New Russian kamikaze drones raise concerns
The Air Force of the Ukrainian Armed Forces warned about the threats posed by these low-cost drones
Defense Express writes about it.
In the recent night attacks on October 23, the Russian military unleashed kamikaze drones and guided missiles. Thirteen Shahed-136 drones, one Kh-59 missile, and an unspecified drone were launched, all of which were neutralized
The "unspecified" drone, however, has resurfaced, potentially cheaper and more widespread than the Shahed-136. According to Yuriy Ihnat, spokesperson for the Ukrainian Air Force Command, these drones are made from easily accessible components, like a standard internet-purchased engine and an airframe constructible at any aviation modeling club.
An examination of a downed drone from May revealed a plywood fuselage, a plastic bottle used as a fuel tank, and a corner reflector to increase its radar visibility. The DLE 60 60CC engine, also identified on the latest drone, can be bought for less than $500 on AliExpress.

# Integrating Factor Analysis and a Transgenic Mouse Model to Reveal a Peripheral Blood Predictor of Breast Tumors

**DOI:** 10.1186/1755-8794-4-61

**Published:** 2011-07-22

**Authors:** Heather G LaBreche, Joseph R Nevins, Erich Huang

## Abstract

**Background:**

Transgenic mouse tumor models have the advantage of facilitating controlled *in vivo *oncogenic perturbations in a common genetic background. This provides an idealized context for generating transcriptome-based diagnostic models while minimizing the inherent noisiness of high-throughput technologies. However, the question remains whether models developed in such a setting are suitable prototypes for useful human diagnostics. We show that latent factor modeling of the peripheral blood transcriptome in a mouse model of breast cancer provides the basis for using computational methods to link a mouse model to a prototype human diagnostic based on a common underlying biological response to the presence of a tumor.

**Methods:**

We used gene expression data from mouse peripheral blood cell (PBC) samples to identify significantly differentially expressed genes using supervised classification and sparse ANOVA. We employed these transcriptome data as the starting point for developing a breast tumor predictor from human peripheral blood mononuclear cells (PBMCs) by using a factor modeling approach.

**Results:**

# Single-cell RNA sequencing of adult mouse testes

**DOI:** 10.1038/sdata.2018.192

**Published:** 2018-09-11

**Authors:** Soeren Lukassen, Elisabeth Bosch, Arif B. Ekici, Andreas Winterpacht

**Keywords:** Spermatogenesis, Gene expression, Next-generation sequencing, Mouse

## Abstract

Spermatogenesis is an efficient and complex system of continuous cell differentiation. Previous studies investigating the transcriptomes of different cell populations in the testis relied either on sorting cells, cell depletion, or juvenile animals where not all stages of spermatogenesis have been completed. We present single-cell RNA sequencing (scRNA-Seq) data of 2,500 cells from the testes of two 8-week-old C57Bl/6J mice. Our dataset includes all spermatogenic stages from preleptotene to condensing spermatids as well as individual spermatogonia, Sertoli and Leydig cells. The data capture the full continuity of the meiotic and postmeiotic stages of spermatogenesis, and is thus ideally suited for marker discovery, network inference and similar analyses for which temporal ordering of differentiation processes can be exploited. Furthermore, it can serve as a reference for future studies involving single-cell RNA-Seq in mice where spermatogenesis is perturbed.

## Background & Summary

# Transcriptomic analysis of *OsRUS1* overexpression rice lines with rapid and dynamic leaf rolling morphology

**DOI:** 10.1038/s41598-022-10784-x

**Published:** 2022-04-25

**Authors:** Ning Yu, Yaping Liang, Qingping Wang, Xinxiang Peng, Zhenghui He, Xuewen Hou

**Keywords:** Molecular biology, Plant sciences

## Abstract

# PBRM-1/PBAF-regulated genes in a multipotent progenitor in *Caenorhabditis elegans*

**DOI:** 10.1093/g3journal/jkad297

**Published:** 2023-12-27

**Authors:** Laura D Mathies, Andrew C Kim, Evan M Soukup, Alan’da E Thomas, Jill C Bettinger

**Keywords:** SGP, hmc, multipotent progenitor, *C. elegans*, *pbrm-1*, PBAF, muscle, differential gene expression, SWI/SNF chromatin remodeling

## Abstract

These drones can be assembled by anyone, which is concerning given their potential payload capacity. The Ukrainian Air Force Command stressed the need to destroy such targets swiftly.
Notably, the Russian military is using these drones to strain Ukrainian air defense systems. During the recent missile attack, Shahed-136 drones emerged as tools to divert and exhaust Ukrainian air defenses. Now, these "unspecified" drones are becoming a primary means of remote attacks, complicating the situation.
Ukraine is also capable of producing even more cost-effective drones, such as the cardboard-based PPDS from Australian SYPAQ, offering a 5 kg payload and a 120 km flight range. The emphasis should be on local production to ensure a steady supply.
Ukraine has received batches of these drones and successfully employed them. However, achieving complete domestic production is crucial for security.